Adelaide may trial round-robin format
October 3, 2006
AdvertisementAUSTRALIA wants to host the ATP's first dalliance with its new round-robin format at the season-opening tournament in Adelaide in January.
The hardcourt event's co-directors, Peter Johnston and Mark Woodforde, support the introduction of the system, which guarantees players multiple matches and next year will replace the traditional knockout format at selected men's tournaments worldwide. It is currently only used by the ATP at the eight-man Masters Cup, held next month in Shanghai, and the World Team Cup in Dusseldorf each May.
The change is part of a men's tour overhaul that includes Sunday rather than Monday tournament starts, a minimum 10 per cent prizemoney increase and the phasing-out of best-of-five set matches outside the grand slams and Davis Cup, which are run by the International Tennis Federation.
"At certain weeks, (the round-robin format) works better than others because you probably need the extra day to play it, and it's right for Adelaide because it's the first week of the year and players are looking for matches," said Johnston, whose event competes for players with rival ATP tournaments in India and Qatar. "It just helps Australian Open preparation. Hopman Cup's round-robin, Kooyong's round-robin. There's certain weeks that it will suit and Adelaide is one of them."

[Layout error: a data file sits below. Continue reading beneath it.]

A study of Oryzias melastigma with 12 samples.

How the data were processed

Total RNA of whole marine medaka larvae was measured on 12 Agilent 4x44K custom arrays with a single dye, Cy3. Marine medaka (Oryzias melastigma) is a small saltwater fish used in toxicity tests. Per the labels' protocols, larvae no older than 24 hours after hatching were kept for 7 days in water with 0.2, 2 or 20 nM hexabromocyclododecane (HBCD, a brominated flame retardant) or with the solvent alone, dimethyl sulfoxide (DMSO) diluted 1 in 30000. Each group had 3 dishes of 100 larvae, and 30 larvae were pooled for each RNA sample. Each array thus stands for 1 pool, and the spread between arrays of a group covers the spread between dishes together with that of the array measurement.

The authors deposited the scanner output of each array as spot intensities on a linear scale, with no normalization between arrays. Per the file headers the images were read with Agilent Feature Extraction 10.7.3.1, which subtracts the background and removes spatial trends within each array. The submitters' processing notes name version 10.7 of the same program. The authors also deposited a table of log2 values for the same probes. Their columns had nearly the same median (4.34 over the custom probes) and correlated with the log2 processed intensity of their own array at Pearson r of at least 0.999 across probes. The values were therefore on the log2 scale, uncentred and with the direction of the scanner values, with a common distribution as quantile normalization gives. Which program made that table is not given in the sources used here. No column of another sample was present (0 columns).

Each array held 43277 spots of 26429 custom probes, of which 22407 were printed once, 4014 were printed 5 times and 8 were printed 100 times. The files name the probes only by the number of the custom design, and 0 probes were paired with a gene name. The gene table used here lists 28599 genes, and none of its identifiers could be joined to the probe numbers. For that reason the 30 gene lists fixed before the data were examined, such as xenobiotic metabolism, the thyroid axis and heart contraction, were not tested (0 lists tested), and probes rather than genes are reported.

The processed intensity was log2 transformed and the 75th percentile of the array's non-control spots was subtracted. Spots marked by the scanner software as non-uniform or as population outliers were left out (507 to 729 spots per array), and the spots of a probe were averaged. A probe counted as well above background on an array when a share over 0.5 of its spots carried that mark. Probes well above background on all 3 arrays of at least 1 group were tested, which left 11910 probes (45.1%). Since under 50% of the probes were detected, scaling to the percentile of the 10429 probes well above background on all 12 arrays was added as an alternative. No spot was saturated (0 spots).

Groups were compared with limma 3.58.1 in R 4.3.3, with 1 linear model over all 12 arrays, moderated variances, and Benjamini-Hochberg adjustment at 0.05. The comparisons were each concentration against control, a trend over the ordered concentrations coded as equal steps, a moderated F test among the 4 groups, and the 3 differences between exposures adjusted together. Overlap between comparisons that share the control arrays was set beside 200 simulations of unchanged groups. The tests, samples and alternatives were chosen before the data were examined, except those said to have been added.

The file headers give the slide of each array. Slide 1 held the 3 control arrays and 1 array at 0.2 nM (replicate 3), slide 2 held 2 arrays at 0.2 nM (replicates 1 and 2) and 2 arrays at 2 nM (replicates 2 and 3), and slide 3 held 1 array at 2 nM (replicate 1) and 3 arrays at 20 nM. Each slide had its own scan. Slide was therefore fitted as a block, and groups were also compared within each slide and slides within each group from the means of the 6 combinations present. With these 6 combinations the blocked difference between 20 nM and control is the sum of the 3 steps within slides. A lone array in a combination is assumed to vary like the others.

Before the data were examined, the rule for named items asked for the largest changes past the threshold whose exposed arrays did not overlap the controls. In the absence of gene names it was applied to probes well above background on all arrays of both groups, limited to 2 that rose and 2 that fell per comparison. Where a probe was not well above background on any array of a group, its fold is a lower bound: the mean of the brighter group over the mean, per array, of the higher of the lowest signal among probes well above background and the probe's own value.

Johnston said he hoped for ATP approval this month, ahead of the tour's original November timetable. The historic Memorial Drive tournament has been condemned to a merger with the Gold Coast women's event and relocation to a new complex in Brisbane from 2009, but is scheduled for January 1-8 — with Lleyton Hewitt the probable headline act — in its penultimate year.
"There's a few logistical things to be decided, like what format would it actually be?" Johnston said. "How many groups of how many, for example, which is one of those ones that obviously affects what the (entry) cut-off will be. You might do eight groups of three, and have two matches in your group and then you're into the quarters, and so everyone's guaranteed of two matches. Or you might do a 32-draw.
"The ATP wants to get it 100 per cent right — working out the right points structure, working out what to do in certain circumstances, that's still going to still take a little while. That's what they're working on right now."
Advantages of the round-robin format include avoiding the scenario where a drawcard — usually on a hefty appearance fee — lasts only one round, as well as scheduling certainty for organisers and broadcasters. Less positive is the prospect of dead matches between players with no chance of advancing to the knockout stage.
"The main reason why the ATP are doing it is to get the guarantee of the marquee players playing more," Johnston said.